If television’s elite storytellers are to be believed, Blindspot is the type of show that probably shouldn’t still exist, and is almost certainly one of the last few of its kind. It’s reminiscent of the dozens of heavily serialized genre shows that came in the wake of ABC’s 2004 resurgence, which was fueled by the success of Desperate Housewives and Lost. Most of the people who made those shows have said, at one time or another, that because of the way television is dissected and metabolized by the social media-connected audience, it’s no longer possible to tell stories that hinge on a central mystery or an elaborate mythology. But Blindspot is to the genre-tinged procedural as Scream was to the slasher film. Yes, that’s much, much higher praise than Blindspot probably deserves. But while the show hasn’t built much good will in its first three episodes, “Eight Slim Grins” establishes that the storytellers are making a conscious effort to subvert the audience’s expectations. That’s no minor feat, especially given how bumpy the episode starts out.
“A Stray Howl” ended with an appearance from the mysterious figure—formally credited as “Ruggedly Handsome Man”—from Jane Doe’s target practice flashbacks, and “Grins” picks up right from that cliffhanger. Jane immediately goes into survival mode and launches into battle with RHM, who is considerably less sinister than he looked when he was ensuring Chao’s death or stalking Jane from the shadows. “You can’t trust them,” he says, and only seconds later, he’s picked off by a sniper. It’s the kind of maddening moment I never see coming because some tropes are so hoary, I take for granted that television writers will avoid them out of respect for the basic rules of narrative fairplay. Just when it seems there’s some real movement on Jane’s case, the only solid link to her past is removed from the picture, taking with him the notion that the writers intend to deal with the show’s deeper questions sooner than later.
The opening of the episode is generally frustrating because, as is usually the case, the dialogue is clunky and the performances spotty. As far as the dialogue goes, certain limitations have to be have recognized. Shows like this need to impart information as clearly and economically as possible, and it isn’t always possible to do that in an artful way. But it’s hard not to groan when Kurt and Edgar tangle over the bureau’s inability to figure out RHM’s identity. “The guy’s a ghost,” says Edgar. “I don’t believe in ghosts,” says Kurt, as if the exchange were written by robots. Sullivan Stapleton’s performance isn’t exactly helping matters. Weller is on edge after becoming convinced Jane is the long-lost Taylor Shaw and is growing increasingly anxious about keeping her safe following the attack at her safe house. But Stapleton is mannered and wooden. And he’s billed above Jaimie Alexander, which seems inappropriate because she’s interesting even when the show is not. Blindspot is a two-hander in which one hand ends up doing the majority of the work.
The case of the week is a dud too, though it at least takes a slightly different approach to using Jane’s tattoos as the impetus for a new investigation. A member of a squad of jewel thieves is apprehended after being shot during a heist, and he turns out to have a Navy SEAL tattoo identical to one on Jane’s body. It would get boring week after week to watch one of Jane’s tattoos lead to another clue and another investigation with clockwork precision, so it’s nice to see the tattoos incorporated in another way. At the same time, too much of the plot had to do with trying to discover more information about who Jane is. The rest was pure filler. If the ex-military crew was into something a bit more urgent than theft, there would have been higher stakes, but jewel thieves just aren’t all that intriguing in this type of show. Considering how RHM was picked off moments before he gave up any useful details, it’s hard to invest in the latest lead that is bound to dead end given this is only the third episode of the show. Sure enough, Casey, the SEAL with the matching tattoo, whispers the next one-word clue, “Orion,” but can’t elaborate before he dies. Oy vey.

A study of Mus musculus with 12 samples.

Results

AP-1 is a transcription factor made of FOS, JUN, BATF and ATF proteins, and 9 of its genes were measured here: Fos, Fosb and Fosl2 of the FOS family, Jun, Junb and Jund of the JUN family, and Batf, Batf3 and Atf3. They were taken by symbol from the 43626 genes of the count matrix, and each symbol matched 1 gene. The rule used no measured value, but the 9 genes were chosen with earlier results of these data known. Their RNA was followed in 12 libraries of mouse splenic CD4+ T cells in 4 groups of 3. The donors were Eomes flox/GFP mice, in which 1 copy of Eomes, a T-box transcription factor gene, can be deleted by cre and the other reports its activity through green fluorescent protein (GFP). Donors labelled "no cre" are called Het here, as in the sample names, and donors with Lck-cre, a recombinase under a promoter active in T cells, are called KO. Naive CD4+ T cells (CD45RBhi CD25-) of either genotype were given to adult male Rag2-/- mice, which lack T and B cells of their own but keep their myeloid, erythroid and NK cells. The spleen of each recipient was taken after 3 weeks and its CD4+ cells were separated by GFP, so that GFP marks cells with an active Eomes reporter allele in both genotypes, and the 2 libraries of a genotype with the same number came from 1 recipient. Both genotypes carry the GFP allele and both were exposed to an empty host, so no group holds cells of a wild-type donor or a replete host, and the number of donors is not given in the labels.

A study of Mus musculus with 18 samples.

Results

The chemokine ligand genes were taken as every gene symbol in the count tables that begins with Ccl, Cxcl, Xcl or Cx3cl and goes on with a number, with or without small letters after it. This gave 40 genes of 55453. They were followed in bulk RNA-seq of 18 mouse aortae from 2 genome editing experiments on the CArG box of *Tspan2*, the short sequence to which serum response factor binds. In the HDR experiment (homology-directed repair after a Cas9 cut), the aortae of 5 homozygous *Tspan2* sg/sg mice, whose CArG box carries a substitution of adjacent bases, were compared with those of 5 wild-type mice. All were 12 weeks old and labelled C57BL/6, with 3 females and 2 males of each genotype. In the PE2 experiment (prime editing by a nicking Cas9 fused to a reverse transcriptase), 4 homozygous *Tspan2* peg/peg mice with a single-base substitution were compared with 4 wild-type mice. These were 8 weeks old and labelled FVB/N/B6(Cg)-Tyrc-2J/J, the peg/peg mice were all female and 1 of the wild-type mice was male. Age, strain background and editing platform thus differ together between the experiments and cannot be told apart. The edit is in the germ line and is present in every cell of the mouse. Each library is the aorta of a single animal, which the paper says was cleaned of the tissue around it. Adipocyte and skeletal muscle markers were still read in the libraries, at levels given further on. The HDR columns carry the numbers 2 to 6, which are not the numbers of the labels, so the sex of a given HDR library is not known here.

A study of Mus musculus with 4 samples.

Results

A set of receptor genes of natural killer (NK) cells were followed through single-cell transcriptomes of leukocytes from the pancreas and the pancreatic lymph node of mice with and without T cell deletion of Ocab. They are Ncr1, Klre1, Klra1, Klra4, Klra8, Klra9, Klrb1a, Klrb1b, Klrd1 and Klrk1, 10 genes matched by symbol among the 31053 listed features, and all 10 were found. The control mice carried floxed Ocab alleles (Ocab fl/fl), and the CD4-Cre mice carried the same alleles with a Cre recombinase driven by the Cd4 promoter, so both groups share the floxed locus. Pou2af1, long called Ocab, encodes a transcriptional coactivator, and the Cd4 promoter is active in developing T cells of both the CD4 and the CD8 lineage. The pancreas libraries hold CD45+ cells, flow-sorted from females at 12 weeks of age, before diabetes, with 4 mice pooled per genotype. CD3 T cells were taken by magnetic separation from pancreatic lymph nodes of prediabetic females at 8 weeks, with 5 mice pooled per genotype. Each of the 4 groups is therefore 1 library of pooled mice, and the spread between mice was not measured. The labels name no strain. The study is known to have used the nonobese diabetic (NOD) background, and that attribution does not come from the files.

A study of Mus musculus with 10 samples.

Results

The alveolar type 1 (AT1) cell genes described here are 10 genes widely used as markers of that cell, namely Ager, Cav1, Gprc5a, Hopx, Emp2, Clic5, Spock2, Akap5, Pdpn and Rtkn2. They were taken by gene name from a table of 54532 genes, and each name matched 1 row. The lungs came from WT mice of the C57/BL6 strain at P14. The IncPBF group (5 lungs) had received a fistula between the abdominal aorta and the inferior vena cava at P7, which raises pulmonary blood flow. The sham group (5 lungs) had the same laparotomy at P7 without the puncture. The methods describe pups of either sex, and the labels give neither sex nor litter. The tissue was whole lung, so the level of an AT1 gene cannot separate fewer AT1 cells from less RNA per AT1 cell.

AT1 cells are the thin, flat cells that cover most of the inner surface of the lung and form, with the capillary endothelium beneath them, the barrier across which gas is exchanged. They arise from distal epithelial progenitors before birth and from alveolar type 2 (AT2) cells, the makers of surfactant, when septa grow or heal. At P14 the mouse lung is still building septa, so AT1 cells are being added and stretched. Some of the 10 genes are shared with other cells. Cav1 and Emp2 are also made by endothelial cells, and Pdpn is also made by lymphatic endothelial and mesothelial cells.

Just when it seems Blindspot has careened off the rails completely, “Grins” seems to course correct in the last act of the episode. For one thing, Jane is made an official member of the team, thus sparing the audience more squabbles over whether or not she should have to stay in the car during investigation stops. More dramatically, Patterson discovers two pieces of fascinating information. She runs a DNA test on Jane and confirms that, just as Kurt suspected, she is the Taylor Shaw that went missing years before and threw his family into a state of chaos. Patterson also notices the tattoo that corresponds with an FBI case number, leading to the heavily redacted folder Mayfair is fretting over in the pilot. Mayfair has a mysterious contact of her own, who urges her to kill Jane to keep hidden the details of an operation called Daylight that would apparently have catastrophic results were it revealed.
Though the Mayfair folder was a minor element in the pilot, it was one of the show’s more intriguing plot elements, and the final scene only made it more attractive. There’s also something to be said for the choice to have Jane Doe actually be Taylor Shaw rather than a bad, guilt-driven hunch on Kurt’s part. Obviously revealing the name of someone who has been missing for a quarter-century isn’t the end of the mystery, but even doing that much this soon is a pleasant surprise in this type of show. It remains to be seen whether Blindspot’s makers will figure out the best way to make it, but they seem to be having a great time figuring it out.
- Apparently the title is an anagram for “The missing girl.” Looks like the title format is anagrams, which is very Lost.